2006 provided plenty of headlines: Rock greats fell out of trees while others simply produced some of the best music of their careers. Pop icons fell afoul of the law while audiences stayed away from concerts in droves - they were too busy downloading music at home. VOA's Ray McDonald takes a look at the year's pop music highlights.
The 2006 Record of the Year Grammy winner hinted at some of the surprises to come: Green Day, formerly known for its adolescent approach to punk rock, took home a pair of trophies for its ambitious concept album American Idiot and the single "Boulevard of Broken Dreams."
Away from the podium, live music had a bumpy ride in 2006. U.S. concert attendance continued to fall, while individual ticket prices rose. Lesser-known acts scaled back arena sizes, while sure-thing attractions such as the Rolling Stones sat back and counted their money.
The veteran rockers set a world record in 2006, grossing an estimated $437 million from their latest tour. The Stones did have an unexpected hiatus when guitarist Keith Richards underwent brain surgery - he fell out of a coconut tree while on holiday in Fiji.
Other veteran acts also did well: The Who issued its first studio album since 1982; The New York Dolls returned with their first studio set since 1974 - and 65-year-old Bob Dylan earned rave reviews for his latest set, Modern Times. No less an authority than Rolling Stone magazine proclaimed it the year's best album.
The hip-hop world also witnessed two high-profile comebacks: Sean "Diddy" Combs released Press Play, his first solo album in seven years, while rapper-cum-record executive Jay-Z ended a three-year layoff with Kingdom Come. He and his girlfriend Beyoncé Knowles continued to dodge marriage rumors while providing a steady source of headlines.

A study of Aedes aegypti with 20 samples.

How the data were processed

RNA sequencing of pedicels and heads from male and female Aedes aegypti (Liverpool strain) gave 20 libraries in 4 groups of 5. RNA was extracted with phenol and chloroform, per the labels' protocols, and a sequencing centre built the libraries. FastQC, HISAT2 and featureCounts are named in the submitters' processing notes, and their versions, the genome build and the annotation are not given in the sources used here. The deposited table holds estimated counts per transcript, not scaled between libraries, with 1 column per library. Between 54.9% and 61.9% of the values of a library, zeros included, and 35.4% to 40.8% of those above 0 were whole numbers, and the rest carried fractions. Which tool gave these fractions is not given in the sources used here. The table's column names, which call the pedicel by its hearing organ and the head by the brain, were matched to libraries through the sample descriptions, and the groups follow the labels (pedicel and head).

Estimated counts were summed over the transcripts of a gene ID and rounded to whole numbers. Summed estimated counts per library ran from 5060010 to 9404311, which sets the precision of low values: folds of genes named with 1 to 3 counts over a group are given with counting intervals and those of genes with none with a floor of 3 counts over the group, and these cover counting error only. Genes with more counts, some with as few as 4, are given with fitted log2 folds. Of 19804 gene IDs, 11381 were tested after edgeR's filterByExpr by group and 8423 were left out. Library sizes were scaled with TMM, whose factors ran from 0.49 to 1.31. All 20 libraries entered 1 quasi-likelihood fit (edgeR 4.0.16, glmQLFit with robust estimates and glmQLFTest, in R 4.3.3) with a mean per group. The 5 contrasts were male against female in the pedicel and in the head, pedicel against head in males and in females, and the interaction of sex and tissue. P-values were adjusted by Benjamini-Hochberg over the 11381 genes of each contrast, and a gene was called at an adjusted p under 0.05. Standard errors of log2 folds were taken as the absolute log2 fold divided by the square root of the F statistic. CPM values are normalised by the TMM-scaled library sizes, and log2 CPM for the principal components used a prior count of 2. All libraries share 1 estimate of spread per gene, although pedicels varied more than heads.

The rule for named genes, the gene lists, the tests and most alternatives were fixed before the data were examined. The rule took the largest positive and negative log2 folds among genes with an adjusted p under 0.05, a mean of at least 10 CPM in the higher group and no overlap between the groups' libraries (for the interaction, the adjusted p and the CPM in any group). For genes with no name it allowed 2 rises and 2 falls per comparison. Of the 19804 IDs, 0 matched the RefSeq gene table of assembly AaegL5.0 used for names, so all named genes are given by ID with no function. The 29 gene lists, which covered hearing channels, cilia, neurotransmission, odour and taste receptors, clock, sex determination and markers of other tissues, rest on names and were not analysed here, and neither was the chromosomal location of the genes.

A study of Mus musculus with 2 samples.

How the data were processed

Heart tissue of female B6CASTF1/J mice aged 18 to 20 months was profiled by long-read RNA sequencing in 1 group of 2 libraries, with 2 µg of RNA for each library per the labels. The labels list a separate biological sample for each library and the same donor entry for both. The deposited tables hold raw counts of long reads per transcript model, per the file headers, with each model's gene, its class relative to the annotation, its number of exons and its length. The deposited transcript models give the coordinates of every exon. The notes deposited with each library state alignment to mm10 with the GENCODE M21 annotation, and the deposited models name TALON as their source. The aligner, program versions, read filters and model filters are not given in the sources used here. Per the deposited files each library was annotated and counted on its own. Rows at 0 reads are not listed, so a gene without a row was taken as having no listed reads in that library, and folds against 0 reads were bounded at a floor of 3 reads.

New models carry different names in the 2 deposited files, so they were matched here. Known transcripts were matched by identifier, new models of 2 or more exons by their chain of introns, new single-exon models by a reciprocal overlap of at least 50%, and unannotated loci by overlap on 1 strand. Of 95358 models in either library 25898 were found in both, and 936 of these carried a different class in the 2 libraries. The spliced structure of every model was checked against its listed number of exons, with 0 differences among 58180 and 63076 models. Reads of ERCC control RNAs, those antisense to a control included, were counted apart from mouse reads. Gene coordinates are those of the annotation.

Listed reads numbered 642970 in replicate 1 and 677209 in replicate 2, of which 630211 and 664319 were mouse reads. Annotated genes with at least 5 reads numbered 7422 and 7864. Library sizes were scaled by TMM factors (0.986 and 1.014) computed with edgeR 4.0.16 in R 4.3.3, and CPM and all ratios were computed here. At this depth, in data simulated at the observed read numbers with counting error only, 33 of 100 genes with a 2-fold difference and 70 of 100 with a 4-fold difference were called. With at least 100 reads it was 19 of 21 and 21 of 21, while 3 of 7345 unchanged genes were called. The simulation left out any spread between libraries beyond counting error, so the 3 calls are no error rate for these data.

Generating a different sort of press was hapless Britney Spears. The one-time pop queen continued her downward spiral. After filing for divorce from her husband Kevin Federline, she was photographed carousing with heiress-turned pop singer Paris Hilton and trouble-prone actress Lindsay Lohan. Britney ends the year under scrutiny by California state child welfare authorities, who fear she may be neglecting her two infant sons.
U.S. music lovers continued to neglect their former recorded medium of choice. Compact disc sales experienced their fifth drop in six years, while digital downloads continued to skyrocket.
Before we return to our iPods and mp3 players, however, let's take a moment to remember those who left us in 2006. Ahmet Ertegun - who revolutionized U.S. music when he co-founded Atlantic Records in 1947 - died December 14 after slipping into a coma. He had fallen in October, while attending a concert by his former clients, The Rolling Stones.
Also departing this year were Atlantic Records soul great Wilson Pickett; Pink Floyd founder Syd Barrett; R&B keyboardist Billy Preston, known for his work with The Beatles; 1950s' R&B star Ruth Brown; gospel singer-turned soul star Lou Rawls; and Arthur Lee, who fronted the band Love. He was one of the few African-American rock stars of the 1960s.